Only 27% of doses used

Registered Nurse Matthew Brenner receives a Covid-19 vaccine from Registered Nurse Kathy Ferris, left, at the Contra Costa Regional Medical Center in Martinez on Dec.15, 2020. Photo by Jane Tyska, Bay Area News Group

Registered Nurse Matthew Brenner receives a COVID-19 vaccine from Registered Nurse Kathy Ferris at the Contra Costa Regional Medical Center on Dec. 15, 2020. Photo by Jane Tyska, Bay Area News Group

Gov. Gavin Newsom has a lot of political capital riding on his goal of vaccinating 1 million additional Californians by this weekend.

Apart from school reopenings, no issue looms larger for Newsom’s third year in office — and his ability to fend off a growing recall movement — than the rollout of the coronavirus vaccine, which has so far been plagued with logistical and technical problems. Only eight states have administered fewer doses per capita than California, which as of Sunday had administered only 27% of its nearly 3 million doses — a decline from the 35% rate the state notched last week.

  • Newsom in a Monday press conference: “We recognize that the current strategy is not going to get us to where we need to go as quickly as we all need to go.”

To help pick up the pace, Disneyland Resort in AnaheimDodgers Stadium in Los AngelesPetco Park in San Diego and Cal Expo in Sacramento are being converted into vaccination sites for frontline workers and, eventually, the general public. The state also recently loosened its vaccination guidelines to ensure that doses don’t go to waste if refused by high-priority groups. The guidelines — developed by numerous working groups — were intended to prevent well-connected Californians from accessing the vaccine before those in need.

But former Assembly Speaker and San Francisco Mayor Willie Brown argued in a recent San Francisco Chronicle column that the state should be administering the vaccine to as many people as possible.

  • Brown“It would be for everyone — no Phase 1A, Phase 1B and other confusing classification categories. And Gov. Gavin Newsom: Such a program would end the recall talk overnight.”

In other coronavirus news, hospitalizations and intensive-care admissions are beginning to level off — “a point of some optimism” Newsom attributed to the regional stay-at-home orders. And, in a signal 2021 will be no less chaotic than 2020, two gorillas at a San Diego Zoo park have tested positive for COVID-19.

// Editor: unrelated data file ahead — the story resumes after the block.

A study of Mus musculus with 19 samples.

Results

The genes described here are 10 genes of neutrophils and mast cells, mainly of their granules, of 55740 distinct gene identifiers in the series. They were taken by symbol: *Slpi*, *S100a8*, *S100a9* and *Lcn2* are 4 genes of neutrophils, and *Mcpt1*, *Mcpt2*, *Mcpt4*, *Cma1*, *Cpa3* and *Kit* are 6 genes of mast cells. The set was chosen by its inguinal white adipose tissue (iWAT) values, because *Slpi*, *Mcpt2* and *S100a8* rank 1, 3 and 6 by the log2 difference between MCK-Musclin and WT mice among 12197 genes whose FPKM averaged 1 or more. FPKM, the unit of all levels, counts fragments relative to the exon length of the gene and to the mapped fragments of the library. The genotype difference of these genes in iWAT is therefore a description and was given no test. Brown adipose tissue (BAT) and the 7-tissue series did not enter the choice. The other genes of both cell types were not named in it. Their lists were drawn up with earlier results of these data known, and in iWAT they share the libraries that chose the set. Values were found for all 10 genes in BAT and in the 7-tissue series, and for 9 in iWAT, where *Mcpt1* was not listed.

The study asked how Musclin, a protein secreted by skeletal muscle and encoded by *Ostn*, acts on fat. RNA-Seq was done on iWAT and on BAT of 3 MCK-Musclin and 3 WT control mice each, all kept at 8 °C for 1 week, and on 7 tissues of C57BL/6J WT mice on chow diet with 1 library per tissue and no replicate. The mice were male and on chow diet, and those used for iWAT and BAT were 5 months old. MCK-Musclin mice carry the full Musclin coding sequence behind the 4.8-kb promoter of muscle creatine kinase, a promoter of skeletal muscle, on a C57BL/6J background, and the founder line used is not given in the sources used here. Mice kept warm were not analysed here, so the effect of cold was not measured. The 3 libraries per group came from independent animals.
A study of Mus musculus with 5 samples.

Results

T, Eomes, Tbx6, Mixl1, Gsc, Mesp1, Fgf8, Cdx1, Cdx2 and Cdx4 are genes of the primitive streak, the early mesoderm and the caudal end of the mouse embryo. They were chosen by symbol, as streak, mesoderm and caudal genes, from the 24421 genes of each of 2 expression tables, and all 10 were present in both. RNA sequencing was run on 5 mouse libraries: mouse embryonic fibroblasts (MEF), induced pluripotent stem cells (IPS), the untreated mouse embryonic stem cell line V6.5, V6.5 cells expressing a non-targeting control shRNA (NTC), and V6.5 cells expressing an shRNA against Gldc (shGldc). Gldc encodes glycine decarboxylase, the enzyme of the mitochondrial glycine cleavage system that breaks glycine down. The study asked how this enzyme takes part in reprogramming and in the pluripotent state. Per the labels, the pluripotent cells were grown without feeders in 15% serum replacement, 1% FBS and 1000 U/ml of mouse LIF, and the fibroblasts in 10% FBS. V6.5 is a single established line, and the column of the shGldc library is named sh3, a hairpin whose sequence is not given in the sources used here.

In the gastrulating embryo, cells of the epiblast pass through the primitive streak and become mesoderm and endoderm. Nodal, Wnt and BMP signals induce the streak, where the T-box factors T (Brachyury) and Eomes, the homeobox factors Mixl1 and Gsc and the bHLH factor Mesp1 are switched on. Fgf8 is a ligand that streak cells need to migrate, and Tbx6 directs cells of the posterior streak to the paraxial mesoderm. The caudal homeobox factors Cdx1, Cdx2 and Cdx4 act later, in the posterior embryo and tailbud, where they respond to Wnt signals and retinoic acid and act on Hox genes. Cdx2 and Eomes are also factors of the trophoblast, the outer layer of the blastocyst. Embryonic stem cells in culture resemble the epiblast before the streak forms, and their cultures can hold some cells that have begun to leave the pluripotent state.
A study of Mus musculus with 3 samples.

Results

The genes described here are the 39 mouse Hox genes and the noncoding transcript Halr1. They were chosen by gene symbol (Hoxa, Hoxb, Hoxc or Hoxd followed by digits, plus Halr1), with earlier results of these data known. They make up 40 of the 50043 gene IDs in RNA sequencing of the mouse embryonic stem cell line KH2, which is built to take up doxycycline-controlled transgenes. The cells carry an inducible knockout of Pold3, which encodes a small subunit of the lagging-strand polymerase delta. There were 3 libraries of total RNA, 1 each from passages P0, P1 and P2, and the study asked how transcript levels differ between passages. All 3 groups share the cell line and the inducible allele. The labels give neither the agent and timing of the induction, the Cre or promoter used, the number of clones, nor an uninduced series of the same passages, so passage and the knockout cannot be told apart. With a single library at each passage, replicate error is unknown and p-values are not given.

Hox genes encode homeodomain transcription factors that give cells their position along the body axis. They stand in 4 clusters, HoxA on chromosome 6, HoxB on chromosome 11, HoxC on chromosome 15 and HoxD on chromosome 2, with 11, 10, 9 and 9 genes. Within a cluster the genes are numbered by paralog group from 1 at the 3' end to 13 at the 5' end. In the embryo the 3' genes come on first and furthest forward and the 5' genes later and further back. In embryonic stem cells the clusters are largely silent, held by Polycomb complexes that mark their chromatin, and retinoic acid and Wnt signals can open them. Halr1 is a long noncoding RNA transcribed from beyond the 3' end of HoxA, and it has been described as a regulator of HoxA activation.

The coronavirus bottom line: As of Monday, California had 2,710,801 confirmed cases (+1.5% from previous day) and 29,965 deaths (+0.9% from previous day), according to a CalMatters tracker is a nonprofit, nonpartisan media venture explaining California policies and politics. 

  • Grant program under scrutiny

    The Golden State’s unemployment rate grew to 9% in December, triggering the first month-to-month increase since April 2020, according to figures released Friday by the Employment Development Department. While the nation’s unemployment rate remained static in December, California’s rose 0.9% as the state shed 52,200 jobs — a staggering 37% of all U.S. jobs lost that month.

  • The City of West Hollywood Unanimously Adopts a Resolution Recognizing the Independent Republic of Artsakh

    The city continued its tradition of standing for human rights and trailblazing on Tuesday night, January 19, 2021. The West Hollywood City Council unanimously adopted a resolution recognizing the Independent Republic of Artsakh (Nagorno-Karabakh). View the resolution here.

  • Persistent tech problems

    California is struggling to provide residents with two items central to surviving the pandemic — the vaccine and unemployment benefits.

  • The Rude Awakening for America

    The hardest thing to do moving forward will be to actually convince the die-hard right wing that unity of purpose is stronger than division.  That government “for the people” means doing the things that bring the nation together rather than divide it.